Robert Wennberg, who taught philosophy at Westmont College for 37 years and authored several books—Life in the Balance: Exploring the Abortion Controversy; Terminal Choices: Euthanasia, Suicide and the Right to Die; God, Humans and Animals: An Invitation to Enlarge Our Moral Universe; and Faith at the Edge: A Book for Doubters—died on July 18 following a brief battle with pancreatic cancer. He was 75. Bob’s retirement in 2005 did not keep him from continuing to write and lecture about difficult issues of morals and faith. He had earned a doctorate in philosophy from UCSB in 1973 and held master’s degrees from Princeton Theological Seminary and the University of Pennsylvania, and a bachelor’s degree from Fuller Theological Seminary.
For almost the entirety of our professional lives, Bob and I were close friends and colleagues. The majority of that time, our offices at Westmont College were located directly across the hall from each other. So we would often pop into the other’s office for a chat, sometimes on a trivial topic, sometimes on a weighty one; and with our spouses we spent many a long evening together in each other’s homes chewing the fat (figuratively speaking) around the dinner table.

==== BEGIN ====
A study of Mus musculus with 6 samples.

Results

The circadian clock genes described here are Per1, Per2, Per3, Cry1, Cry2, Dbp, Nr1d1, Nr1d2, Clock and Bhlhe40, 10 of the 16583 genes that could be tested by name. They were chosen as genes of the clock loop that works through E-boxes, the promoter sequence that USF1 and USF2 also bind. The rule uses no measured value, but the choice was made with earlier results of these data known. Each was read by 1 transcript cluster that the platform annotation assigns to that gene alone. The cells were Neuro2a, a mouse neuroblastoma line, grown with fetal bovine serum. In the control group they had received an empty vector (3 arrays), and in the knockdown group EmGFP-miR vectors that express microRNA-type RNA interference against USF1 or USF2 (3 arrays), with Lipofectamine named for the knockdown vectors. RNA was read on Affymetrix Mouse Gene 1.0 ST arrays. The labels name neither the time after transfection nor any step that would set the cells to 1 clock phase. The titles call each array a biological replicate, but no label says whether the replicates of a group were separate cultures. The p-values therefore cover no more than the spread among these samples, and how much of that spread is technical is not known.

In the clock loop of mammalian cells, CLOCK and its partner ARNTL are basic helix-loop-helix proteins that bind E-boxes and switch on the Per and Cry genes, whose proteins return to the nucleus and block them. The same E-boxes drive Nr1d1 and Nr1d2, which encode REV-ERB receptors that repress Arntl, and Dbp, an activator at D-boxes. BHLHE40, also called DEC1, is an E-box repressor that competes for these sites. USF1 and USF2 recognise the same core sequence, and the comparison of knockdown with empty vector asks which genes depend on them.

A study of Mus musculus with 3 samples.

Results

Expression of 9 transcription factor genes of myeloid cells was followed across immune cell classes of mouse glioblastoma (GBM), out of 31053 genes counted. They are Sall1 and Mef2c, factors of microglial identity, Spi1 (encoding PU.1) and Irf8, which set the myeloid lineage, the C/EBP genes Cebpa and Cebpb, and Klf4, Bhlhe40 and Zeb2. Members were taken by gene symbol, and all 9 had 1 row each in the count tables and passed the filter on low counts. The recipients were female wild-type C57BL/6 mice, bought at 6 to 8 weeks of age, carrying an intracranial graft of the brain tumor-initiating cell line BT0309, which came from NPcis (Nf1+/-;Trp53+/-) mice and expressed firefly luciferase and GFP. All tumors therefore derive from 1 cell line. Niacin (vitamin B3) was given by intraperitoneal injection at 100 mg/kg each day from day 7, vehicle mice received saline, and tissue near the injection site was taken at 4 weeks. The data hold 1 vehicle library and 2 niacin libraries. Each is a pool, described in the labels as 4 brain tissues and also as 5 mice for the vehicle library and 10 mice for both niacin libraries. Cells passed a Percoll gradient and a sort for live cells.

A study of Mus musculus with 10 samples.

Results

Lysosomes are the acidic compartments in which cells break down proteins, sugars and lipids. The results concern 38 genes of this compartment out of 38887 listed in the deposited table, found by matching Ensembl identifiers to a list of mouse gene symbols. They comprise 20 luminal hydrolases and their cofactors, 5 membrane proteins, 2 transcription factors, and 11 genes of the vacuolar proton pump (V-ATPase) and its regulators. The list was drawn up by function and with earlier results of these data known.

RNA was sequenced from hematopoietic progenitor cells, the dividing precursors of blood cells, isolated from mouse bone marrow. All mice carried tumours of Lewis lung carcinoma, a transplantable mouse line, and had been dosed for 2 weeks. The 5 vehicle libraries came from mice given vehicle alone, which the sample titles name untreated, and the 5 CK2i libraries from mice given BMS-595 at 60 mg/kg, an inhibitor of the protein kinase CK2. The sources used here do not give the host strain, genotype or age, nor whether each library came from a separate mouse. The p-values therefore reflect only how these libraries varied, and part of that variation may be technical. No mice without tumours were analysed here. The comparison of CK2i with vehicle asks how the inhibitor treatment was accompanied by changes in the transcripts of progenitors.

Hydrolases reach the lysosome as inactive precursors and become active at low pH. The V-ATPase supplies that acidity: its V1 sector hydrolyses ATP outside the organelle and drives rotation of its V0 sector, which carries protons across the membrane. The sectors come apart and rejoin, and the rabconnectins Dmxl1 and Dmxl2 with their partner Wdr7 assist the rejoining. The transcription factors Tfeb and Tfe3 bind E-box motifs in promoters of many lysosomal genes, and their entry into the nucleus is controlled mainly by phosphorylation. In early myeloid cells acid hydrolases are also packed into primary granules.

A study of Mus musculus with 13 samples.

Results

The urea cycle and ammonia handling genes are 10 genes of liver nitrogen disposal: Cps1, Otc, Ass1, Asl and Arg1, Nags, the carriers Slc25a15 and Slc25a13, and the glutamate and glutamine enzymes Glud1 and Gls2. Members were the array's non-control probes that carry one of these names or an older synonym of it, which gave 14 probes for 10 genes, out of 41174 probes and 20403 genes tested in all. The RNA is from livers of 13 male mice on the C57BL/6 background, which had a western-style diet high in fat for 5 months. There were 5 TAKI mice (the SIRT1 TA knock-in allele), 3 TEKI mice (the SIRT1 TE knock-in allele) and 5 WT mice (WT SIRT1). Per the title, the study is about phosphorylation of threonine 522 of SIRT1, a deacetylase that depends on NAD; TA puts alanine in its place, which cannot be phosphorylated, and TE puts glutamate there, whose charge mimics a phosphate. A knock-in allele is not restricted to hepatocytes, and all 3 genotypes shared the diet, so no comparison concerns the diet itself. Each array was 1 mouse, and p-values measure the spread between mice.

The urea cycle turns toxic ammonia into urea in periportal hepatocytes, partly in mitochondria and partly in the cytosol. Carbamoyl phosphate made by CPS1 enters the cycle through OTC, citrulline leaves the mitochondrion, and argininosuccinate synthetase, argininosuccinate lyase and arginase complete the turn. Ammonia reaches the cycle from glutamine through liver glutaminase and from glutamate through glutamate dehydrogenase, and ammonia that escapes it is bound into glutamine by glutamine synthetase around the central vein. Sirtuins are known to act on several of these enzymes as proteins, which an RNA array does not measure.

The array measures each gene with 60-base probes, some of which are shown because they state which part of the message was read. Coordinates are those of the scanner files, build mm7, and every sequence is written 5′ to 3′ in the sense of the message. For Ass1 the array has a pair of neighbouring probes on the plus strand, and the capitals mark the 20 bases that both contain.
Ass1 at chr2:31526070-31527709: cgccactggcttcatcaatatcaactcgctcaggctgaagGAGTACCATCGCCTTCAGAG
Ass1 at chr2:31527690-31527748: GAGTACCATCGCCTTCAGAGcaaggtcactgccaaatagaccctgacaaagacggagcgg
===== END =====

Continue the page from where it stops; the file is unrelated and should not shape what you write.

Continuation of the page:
What a fine friend and colleague Bob was—gracious, generous, affable, genial. Whether agreeing or disagreeing with each other, you remained fast friends. He could be playful as well as serious. Who that was present can forget the rollicking good humor in his emceeing of retirement dinners, in his lighthearted ribbing and roasting of the retirees? During his retirement dinner, he even dared to himself present the slide show of his career, not to protect himself, but to poke some fun at himself. Testifying to his popularity is his having been named teacher of the year at Westmont a record five times, elected to the vice-chairship of the faculty four times, and chosen to speak at baccalaureate four times.
Bob’s interests extended to travel in Europe and to competitive sports. He had been a champion sprinter at Santa Barbara High School, loved the movie Chariots of Fire, liked to watch Le Tour de France, and followed the fortunes of Boise State University’s football team (for his sister lived in Boise, Idaho).
Surviving Bob are his wife, Eleanore, and their daughter, Siri Pratt, plus two grandchildren. He died in Christian faith or, as the apostle Paul would say, “in Christ.” Those of us who share that faith do not give him a mere “good-bye”—rather, au revoir, “till we meet again.”